CaribWorldNews, BROOKLYN, NY, Fri. Aug. 21, 2009:  The 62-year-old former lawyer of self-confessed Guyana drug dealer, Shaheed Roger Khan, has been found guilty in a Brooklyn court of plotting to kill witnesses associated with the Khan case.

Robert Simels was found guilty by a federal jury in Brooklyn, which had deliberated a week. Simels was convicted of tampering with eight witnesses against his then-client Khan.

His associate, Arienne Irving, was convicted on two counts of witness tampering.

The guilty decision seemed to stir anger in Simels, as he looked furious after the verdict was read. While Irving laid her head on the defense table and sobbed.

Simels and Khan were also convicted of possessing illegal eavesdropping equipment, which was seized in a raid on Simels` East Side offices.

Khan had hired the flamboyant attorney to defend him in 2006, after US federal agents arrested him in transit from Suriname to Guyana and slapped him with drug charges.

Simels had often insisted Khan was innocent and was kidnapped by US law enforcement officials. His defense also apparently included a witness elimination tactic, which was later disclosed to authorities by a former Khan worker.

In one taped conversation, with Selwyn Vaughn, a former Khan employee turned federal witness, Simels is heard suggesting a witness `might suddenly get amnesia` if paid enough money.

`That`s a terrible thing, but if it happens, it happens,` Simels responded. Later in the same meeting, the lawyer remarked: `Obviously, any witness you can eliminate is a good thing.`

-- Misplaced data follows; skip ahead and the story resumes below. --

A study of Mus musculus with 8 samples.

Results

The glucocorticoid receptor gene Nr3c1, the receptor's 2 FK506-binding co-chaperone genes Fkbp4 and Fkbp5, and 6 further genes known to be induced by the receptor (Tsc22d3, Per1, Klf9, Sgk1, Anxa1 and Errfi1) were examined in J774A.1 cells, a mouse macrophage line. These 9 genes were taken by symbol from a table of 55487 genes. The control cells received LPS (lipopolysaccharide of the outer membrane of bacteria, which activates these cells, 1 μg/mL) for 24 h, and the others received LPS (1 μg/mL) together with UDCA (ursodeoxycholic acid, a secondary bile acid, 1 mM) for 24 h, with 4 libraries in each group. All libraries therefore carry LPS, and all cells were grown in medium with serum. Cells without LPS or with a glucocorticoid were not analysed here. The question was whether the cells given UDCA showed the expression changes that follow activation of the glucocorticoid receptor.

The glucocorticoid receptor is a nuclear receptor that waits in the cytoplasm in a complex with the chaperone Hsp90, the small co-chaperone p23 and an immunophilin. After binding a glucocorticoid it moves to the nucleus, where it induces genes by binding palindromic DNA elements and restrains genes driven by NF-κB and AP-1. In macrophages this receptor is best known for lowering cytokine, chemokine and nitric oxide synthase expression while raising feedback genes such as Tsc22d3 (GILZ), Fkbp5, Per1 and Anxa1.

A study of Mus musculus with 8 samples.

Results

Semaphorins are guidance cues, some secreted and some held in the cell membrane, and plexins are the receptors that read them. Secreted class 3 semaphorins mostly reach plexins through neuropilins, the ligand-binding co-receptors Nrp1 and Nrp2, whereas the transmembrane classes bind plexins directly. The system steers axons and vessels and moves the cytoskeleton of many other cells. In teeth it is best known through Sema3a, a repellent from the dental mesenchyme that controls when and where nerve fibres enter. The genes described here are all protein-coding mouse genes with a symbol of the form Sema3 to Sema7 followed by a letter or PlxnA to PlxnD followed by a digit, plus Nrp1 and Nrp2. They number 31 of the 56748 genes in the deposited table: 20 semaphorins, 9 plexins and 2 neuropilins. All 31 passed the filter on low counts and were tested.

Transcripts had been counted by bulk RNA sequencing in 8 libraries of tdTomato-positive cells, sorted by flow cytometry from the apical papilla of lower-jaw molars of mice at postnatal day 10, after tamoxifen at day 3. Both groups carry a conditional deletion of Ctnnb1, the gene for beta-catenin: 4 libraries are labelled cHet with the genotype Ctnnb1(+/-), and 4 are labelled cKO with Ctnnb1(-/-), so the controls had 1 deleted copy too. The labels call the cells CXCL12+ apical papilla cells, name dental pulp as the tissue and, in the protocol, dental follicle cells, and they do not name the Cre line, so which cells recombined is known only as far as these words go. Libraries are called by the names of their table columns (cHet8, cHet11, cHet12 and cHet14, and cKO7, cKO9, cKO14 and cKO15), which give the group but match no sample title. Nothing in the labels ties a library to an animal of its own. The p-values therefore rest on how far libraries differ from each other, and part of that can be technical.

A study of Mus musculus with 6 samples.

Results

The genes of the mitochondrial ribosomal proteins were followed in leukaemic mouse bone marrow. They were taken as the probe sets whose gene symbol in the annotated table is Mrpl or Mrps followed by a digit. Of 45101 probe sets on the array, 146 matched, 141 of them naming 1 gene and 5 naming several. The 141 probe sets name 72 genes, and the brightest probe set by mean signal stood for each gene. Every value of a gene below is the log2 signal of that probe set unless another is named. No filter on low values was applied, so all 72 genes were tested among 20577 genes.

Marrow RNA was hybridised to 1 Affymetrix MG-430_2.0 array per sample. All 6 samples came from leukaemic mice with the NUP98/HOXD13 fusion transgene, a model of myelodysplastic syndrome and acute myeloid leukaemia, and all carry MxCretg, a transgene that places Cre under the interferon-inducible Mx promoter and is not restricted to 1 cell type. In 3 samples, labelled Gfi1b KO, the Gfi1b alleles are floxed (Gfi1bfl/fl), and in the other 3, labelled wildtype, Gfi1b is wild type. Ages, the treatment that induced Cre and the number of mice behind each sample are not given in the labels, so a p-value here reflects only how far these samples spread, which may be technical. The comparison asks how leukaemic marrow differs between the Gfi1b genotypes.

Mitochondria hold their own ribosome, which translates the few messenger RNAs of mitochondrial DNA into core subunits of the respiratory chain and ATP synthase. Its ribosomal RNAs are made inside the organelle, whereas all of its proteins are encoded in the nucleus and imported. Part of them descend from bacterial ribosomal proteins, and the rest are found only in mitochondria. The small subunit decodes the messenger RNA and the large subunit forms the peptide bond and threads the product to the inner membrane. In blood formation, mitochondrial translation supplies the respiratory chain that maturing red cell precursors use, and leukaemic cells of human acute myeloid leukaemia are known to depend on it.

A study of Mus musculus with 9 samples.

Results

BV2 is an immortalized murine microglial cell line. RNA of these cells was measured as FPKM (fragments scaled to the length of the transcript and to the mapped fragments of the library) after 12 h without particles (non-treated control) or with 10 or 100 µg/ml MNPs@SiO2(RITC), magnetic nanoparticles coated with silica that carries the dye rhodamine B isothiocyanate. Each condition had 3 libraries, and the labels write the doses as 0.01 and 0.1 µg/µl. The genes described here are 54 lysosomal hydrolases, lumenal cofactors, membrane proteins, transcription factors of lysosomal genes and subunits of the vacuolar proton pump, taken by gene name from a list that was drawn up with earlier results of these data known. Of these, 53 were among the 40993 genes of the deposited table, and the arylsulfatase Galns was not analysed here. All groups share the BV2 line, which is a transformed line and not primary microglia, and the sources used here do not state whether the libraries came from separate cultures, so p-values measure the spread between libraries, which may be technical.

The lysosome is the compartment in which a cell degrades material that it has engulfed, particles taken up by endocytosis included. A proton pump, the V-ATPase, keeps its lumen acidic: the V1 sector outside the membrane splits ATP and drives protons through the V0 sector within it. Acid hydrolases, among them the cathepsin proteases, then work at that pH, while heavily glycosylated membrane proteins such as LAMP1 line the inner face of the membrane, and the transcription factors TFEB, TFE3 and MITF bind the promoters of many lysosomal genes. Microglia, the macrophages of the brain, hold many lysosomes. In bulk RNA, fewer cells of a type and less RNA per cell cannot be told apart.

In another discussion about locating relatives of a witness, Simels was recorded telling the cooperator that Khan had instructed, `Don`t kill the mother.`

Khan `thinks that if the mother gets killed that … the government will go crazy, and he`s probably right.`

Simels had insisted the terms he used on the tape with Vaughn were legalese not to be taken literally.

In his defense, he had claimed that he spoke `street` with thugs like Vaughn.

`Guyana is a Third World country,` Simels said during the trial. `They sometimes speak in a very unappealing fashion, so I spoke down in a manner he would appreciate.`

Earlier this year, Khan pleaded guilty to cocaine trafficking, weapons charges and witness tampering in a plea deal expected to result in a 15-year sentence next month.

Meanwhile, during the Simels case, a number of bombshell disclosures were made by Vaughn, linking the current Guyana government to Khan and his now famous Phantom Death Squad.